Saturday, 5 July 2014

5 Actualisations of a Beginning Teacher

As the mid year holidays commence I am drawn to reflection on my teaching journey so far, and the one ahead. 
These five reflections are all things that I 'knew' to be true at the beginning of this year, but it is now, after 6 months of teaching, that they come into actualisation, and I 'realise' them to be true. 

1. Make mistakes. Often. 
Fear of failure is a real thing. As a teacher, I fear when a lesson I have prepared flops, I fear learners not being engaged, I fear failure in my post-grad university papers, I fear rejection from friends and colleagues. 
This is natural and our learners also fear failure. And that is OKAY. One of the most difficult things to learn is resilience therefore, modelling failure is important for our learners. Then they can learn how to bounce back from that, and how to turn that into learning. 

Some of my learners participated in a chess tournament, and while one found success the other didn't fair as well. Seeing the disappointment in his face I shared my own recent 'failure' and disappointment. Having received a less than pleasing mark on my university assignment I had reflected on my essay topic and upcoming assignments and realised it to be a poor choice, resulting in a low grade. However, I had learned some valuable things, and gained insight into the bigger picture. I discussed this with the learner who had lost at chess, and together we determined that although he had lost the game, he had in fact learned a lot about the rules of play, and was now more prepared for future games, than had he won. 

Learning from our mistakes is something we often say, but is often not truly understood. Making mistakes in a variety of contexts, and being able to truly reflect, learn from, and if all else fails, laugh about them. It's what makes us human. 

2. Discipline. Be firm, but fair. 
An experienced teacher once told me, that there's a great skill in being able to reprimand a child, while still letting them know that you care about them. You can smile even if you have to talk to a learner about their behaviour. 
Remembering that we were all once children, and taking discipline light heartedly is important for the learner's and my own psyche. You do need to be firm but fair. And remember it's the behaviour that's upsetting, not the person.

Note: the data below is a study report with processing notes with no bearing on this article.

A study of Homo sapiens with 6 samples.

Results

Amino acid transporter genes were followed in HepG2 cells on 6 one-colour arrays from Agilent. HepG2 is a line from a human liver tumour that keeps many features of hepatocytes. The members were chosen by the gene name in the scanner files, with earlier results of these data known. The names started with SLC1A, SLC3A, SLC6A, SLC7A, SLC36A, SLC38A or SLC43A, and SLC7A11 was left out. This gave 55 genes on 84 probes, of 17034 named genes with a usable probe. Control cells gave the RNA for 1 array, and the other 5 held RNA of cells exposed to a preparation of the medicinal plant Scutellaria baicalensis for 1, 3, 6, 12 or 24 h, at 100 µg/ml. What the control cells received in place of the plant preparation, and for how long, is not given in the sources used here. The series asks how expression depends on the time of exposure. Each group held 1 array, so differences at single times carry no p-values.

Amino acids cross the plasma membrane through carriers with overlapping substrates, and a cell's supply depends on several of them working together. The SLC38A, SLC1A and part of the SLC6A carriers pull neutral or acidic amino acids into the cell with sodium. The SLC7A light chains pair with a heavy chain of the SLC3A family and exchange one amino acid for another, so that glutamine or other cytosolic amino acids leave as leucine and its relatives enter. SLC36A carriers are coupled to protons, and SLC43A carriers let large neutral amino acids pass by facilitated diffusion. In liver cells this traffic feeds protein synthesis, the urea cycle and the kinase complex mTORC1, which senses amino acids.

Just yesterday I had to remove a child from the touch game. I'd no more than 30 seconds earlier reminded them that we were playing touch, and I didn't want to see any tackling, that if anyone did tackle, they would receive time-out. When the child tackled his classmate, I reminded him again this was unacceptable, and asked him to sit out for 2 minutes. 5 minutes later he hadn't returned and was sulking on the sideline. I went up to him and explained that I wasn't angry at him, but that I'd warned of the consequences, so had to follow through with them, otherwise they would be pointless. I told him that I wasn't mad at him, and didn't hold a grudge towards him, so he shouldn't hold one towards me either. He was then able to happily carry on with the game. 

3. Be prepared, but not too prepared. 
It is crucially important that we are prepared for the lesson/day/week/month and term with our learners. We need to know the bigger picture and what the main learning outcomes are for our learners. We need to have a variety of resources and activities ready to go that will motivate, engage and challenge our learners.
However, we cannot script teaching. Ako, as in the title of my blog, sparkAKO, is a Māori term about the reciprocal process of teaching and learning. Just as we need to be prepared to teach a variety of experiences our learners need to come prepared to engage with the experiences. And what motivates their learning may be different from what I, their kaiako had intended. Therefore we need to allow ākonga, learners to take charge of their learning. Allow them voice, and choice over how and what they learn. 

Being flexible with planning a rich curriculum allows learner input, drive, and often richer learning. 

4. There is always something to be done, including 'me' time. 

But, don't sweat the small stuff. Coming from a corporate background I used to sometimes, not always, go home from work and switch off. Work rarely came home with me, figuratively speaking. However, in teaching, teachable moments are everywhere! If I'm not seeing things through a potential learners eyes, I'm working through a never-ending to-do list. But one of the things I am learning to accept is that that to-do list will always be there, and one of the main things to remember is to put 'me' time on that list too. Whether it be relaxing with friends, going to a yoga class, watching some mindless TV, or simply painting my nails. Schedule it in. Daily. We deserve it. By then, the to-do list seems more manageable too.

5. You can't change the past, but you can shape the future. 

This has a two-fold meaning. Firstly, in terms of my practice. In hindsight, mid-way through the year, there are somethings that I would do differently in setting up my class. I've, as I said above, learned from mistakes, or at least grown confidence in myself. There are some things that I will do differently next year, but this does not mean that I have wasted time, as it is through that realisation that I understand my current shortcomings and why change is necessary. 
Secondly, remembering that our learners have diverse backgrounds, that although we cannot alter that, nor would we want to, but we can, and do shape the futures of our ākonga, but cherishing what capital they bring to school with them, and empowering them to aim high. 

Ehara taku toa i te toa takitahi, engari he toa takitini.
It is not my strength alone, but the strength of many that contribute to my success.